Essential to the success of any siege film is some greater absorption of the concept of walls breaking down. One shudders just thinking about the scene of Wyndham’s collapse into a million writhing beetles in John Carpenter’s Prince of Darkness (1987), or when a father’s malformed double falls through the ceiling onto his bathing daughter in Abel Ferrara’s Body Snatchers (1993); one feels, in these moments, the decomposition of Gilles Deleuze’s molar identities into molecular processes and constituent parts. The fallacy of the self-constituting whole is revealed, but the pieces appear newly ready for recombination. It’s a feeling of disgust, but not one devoid of possibility.
George A. Romero’s Day of the Dead (1985) opens with such an image — a thousand hands bursting through a surprisingly thin wall, clawing desperately at a skin that’s no thicker. The third installment of the Night of the Living Dead series, Day of the Dead, begins underground: months or years into the outbreak, a group of scientists research zombies in a bunker under the begrudging protection of a group of army officers. The barricade keeping the zombies out is already porous by the time we arrive, but the walls erected between the living appear hardened by internal pressures, even as the individuals themselves disintegrate within them.
Bigotry, sexual violence, post-traumatic stress disorder — these are the surviving relics of human society. Dr. Logan (Richard Liberty), the leading researcher among this group, emerges as the last remaining positivist. Known as Frankenstein to the others, his disregard for human life better resembles Josef Mengele. Logan’s breakthrough case comes in the form of Bub (Sherman Howard), a captured zombie. If there is a moment of hope in Day of the Dead — an occasion in which some strange possibility bursts from the suffocating entropy all around — it’s when Logan plays “Ode to Joy” for Bub, his star pupil. A momentary respite from the state of utter breakdown that’s unfolding elsewhere, the single close-up of Bub listening almost recalls the closing moments of Charlie Chaplin’s City Lights (1931). Just as Chaplin is there seen for the first time, so too are the familiar sounds of Beethoven made to seem fresh when heard by Bub’s virgin ears. A new understanding begins to bridge the chasm: Bub begins panting, and his expression reorients toward the ceiling, suddenly conscious of the unseen sky overhead.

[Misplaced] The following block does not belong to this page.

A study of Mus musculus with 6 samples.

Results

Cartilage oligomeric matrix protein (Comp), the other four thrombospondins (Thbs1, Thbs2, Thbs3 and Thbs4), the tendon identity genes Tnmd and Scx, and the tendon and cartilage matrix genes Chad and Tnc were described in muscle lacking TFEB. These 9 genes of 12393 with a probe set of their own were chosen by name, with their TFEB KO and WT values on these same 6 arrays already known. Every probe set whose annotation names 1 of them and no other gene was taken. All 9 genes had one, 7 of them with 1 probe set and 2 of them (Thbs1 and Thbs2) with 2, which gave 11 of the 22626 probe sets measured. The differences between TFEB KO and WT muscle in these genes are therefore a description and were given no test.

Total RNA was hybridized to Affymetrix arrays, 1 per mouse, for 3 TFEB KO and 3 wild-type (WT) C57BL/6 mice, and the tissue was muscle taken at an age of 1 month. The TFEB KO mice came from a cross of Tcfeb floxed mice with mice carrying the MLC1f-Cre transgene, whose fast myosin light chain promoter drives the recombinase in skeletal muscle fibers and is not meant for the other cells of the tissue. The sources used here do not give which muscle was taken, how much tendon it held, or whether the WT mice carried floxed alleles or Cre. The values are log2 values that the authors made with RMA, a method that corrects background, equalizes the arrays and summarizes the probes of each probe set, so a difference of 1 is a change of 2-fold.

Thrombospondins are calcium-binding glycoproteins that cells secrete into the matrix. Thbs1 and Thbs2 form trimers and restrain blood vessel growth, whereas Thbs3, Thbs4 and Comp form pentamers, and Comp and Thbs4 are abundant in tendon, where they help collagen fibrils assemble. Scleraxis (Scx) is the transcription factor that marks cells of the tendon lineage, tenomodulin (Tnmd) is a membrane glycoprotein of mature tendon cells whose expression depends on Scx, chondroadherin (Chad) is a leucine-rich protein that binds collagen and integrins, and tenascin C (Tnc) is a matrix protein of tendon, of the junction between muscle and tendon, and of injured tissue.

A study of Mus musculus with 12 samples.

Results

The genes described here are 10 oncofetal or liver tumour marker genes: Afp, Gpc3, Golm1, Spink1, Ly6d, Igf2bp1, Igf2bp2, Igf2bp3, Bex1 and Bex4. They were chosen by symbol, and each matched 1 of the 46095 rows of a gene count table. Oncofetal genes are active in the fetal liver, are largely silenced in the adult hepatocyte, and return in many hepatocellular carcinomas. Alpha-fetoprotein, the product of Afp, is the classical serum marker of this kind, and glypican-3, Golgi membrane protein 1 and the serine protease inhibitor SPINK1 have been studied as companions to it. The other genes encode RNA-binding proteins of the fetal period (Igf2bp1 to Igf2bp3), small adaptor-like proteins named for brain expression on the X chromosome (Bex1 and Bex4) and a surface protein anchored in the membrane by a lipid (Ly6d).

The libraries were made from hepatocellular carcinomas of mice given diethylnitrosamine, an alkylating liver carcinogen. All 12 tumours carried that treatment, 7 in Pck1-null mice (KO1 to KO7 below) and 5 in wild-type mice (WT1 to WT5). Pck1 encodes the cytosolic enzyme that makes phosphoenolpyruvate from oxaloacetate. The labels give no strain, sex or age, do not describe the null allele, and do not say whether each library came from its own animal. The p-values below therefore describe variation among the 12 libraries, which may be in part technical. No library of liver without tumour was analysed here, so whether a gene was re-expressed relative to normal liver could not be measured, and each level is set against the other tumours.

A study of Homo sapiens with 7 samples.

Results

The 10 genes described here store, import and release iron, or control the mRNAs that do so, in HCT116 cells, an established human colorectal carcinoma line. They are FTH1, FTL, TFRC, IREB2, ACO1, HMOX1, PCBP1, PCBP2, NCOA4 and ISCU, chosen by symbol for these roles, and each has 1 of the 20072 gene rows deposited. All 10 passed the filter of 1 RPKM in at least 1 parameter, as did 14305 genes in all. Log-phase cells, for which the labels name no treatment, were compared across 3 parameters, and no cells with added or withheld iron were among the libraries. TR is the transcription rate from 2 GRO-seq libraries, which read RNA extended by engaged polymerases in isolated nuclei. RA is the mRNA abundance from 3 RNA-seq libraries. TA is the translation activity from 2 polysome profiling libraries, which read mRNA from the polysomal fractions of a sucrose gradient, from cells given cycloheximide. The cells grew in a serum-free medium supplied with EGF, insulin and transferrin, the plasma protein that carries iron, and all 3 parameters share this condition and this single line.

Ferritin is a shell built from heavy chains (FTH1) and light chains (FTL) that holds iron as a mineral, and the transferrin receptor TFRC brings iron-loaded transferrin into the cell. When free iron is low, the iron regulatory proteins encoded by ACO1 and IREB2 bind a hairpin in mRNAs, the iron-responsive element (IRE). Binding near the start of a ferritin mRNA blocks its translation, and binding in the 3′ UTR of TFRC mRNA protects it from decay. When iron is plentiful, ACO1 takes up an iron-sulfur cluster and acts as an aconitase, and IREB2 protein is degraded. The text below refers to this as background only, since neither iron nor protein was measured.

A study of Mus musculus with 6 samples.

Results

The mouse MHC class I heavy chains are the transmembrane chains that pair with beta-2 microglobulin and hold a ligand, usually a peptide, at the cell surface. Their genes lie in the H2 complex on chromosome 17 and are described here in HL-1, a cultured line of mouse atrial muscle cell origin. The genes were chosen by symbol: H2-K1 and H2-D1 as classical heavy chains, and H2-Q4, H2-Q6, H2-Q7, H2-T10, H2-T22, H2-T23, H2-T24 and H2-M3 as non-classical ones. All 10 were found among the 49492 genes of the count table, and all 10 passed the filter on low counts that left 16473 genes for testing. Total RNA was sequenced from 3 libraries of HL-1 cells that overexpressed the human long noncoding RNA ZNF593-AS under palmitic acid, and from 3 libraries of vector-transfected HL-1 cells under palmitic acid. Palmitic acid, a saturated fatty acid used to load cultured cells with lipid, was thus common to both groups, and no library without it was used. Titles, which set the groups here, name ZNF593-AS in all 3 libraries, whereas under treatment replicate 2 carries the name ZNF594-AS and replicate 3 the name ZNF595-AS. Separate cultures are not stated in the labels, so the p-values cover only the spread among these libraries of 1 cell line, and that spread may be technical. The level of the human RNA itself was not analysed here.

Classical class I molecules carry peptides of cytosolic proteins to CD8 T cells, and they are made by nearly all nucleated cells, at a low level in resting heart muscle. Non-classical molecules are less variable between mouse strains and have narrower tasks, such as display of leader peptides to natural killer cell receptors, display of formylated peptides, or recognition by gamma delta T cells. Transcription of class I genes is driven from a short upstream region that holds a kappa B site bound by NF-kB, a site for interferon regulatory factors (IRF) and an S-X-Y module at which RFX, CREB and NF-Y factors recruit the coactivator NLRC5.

Romero’s overriding pessimism is not to be waylaid, though, and Day of the Dead’s pent-up violence seeks new targets within the space of the claustrophobic bunker. Sadistic Captain Rhodes (Joseph Pilato) turns his gun on his own men, ordering them to shoot Sarah (Lori Cardille), a scientist, if she doesn’t obey his orders. A private in Rhodes’ battalion, Miguel Salazar (Anthony Dileo Jr.), can barely keep his suicidal urges at bay, and when another character resorts to self-immolation, we don’t question his motives. We also learn Logan has begun covertly dissecting recently deceased army men. All the while, buried underground alongside them, and reminiscent of the Culpeper Library of Congress facility, are the censuses, weather reports, microfilmed newspapers, and election results of all American history. Observing all this as if from a great height, John (Terry Alexander) surveys the waste: “Now who gonna give a shit?” Romero here puts the fruits of the human project on display and asks us to justify trying to save this.
Meanwhile, Bub recognizes himself in a mirror. He picks up a book, Salem’s Lot, and attempts to read it. When presented with a phone, he holds the receiver to his ear as if to communicate something. Romero’s zombies always reflect the worst aspects of humanity, and Bub’s suggestion of the inverse yields a potentially devastatingly corrosive implication. If the remaining walls appear to only strengthen as the end nears, the metaphysical divide between human and zombie seems newly penetrable. It’s into this breach that Bub slowly steps, and also here that an unforeseen sense of possibility arises. But while Bub conveys a certain prelapsarian innocence in these moments, he also does things like involuntarily salute when Rhodes enters his cell, much to the captain’s disgust. Squinting at Bub under fluorescent lights, we can see both outcomes at hand: regeneration, or the extension of the old dogma, past death — a new American colony in the afterlife.
Day of the Dead’s climax proceeds from the sickening revelation that Logan has been feeding Bub fresh entrails from fallen soldiers. This cradle of the new world heralded by Bub — nursed on a bucket of human spleens, kidneys, and lungs — is also the death of science, in this literalization of the disintegration of the molar body. Romero’s coup de grâce, though, comes after the inevitable collapse of both physical and metaphorical walls: as zombies run freely through the bunker. Bub turns and shoots Rhodes with his own pistol. As Rhodes’ molar body is dismembered by the other zombies, he offers one final triumphant salute. Earlier in the film, John offered this prescient perspective on the bunker itself: “This is a great big fourteen-mile-long tombstone… with an epitaph on it that nobody gonna bother to read.” With his Day of the Dead, Romero seems to say, “Don’t even bother to mark the grave,” with a pessimism that’s nearly unrivaled in American cinema. To this auteur of the dead, salvation isn’t for us — it’s from us.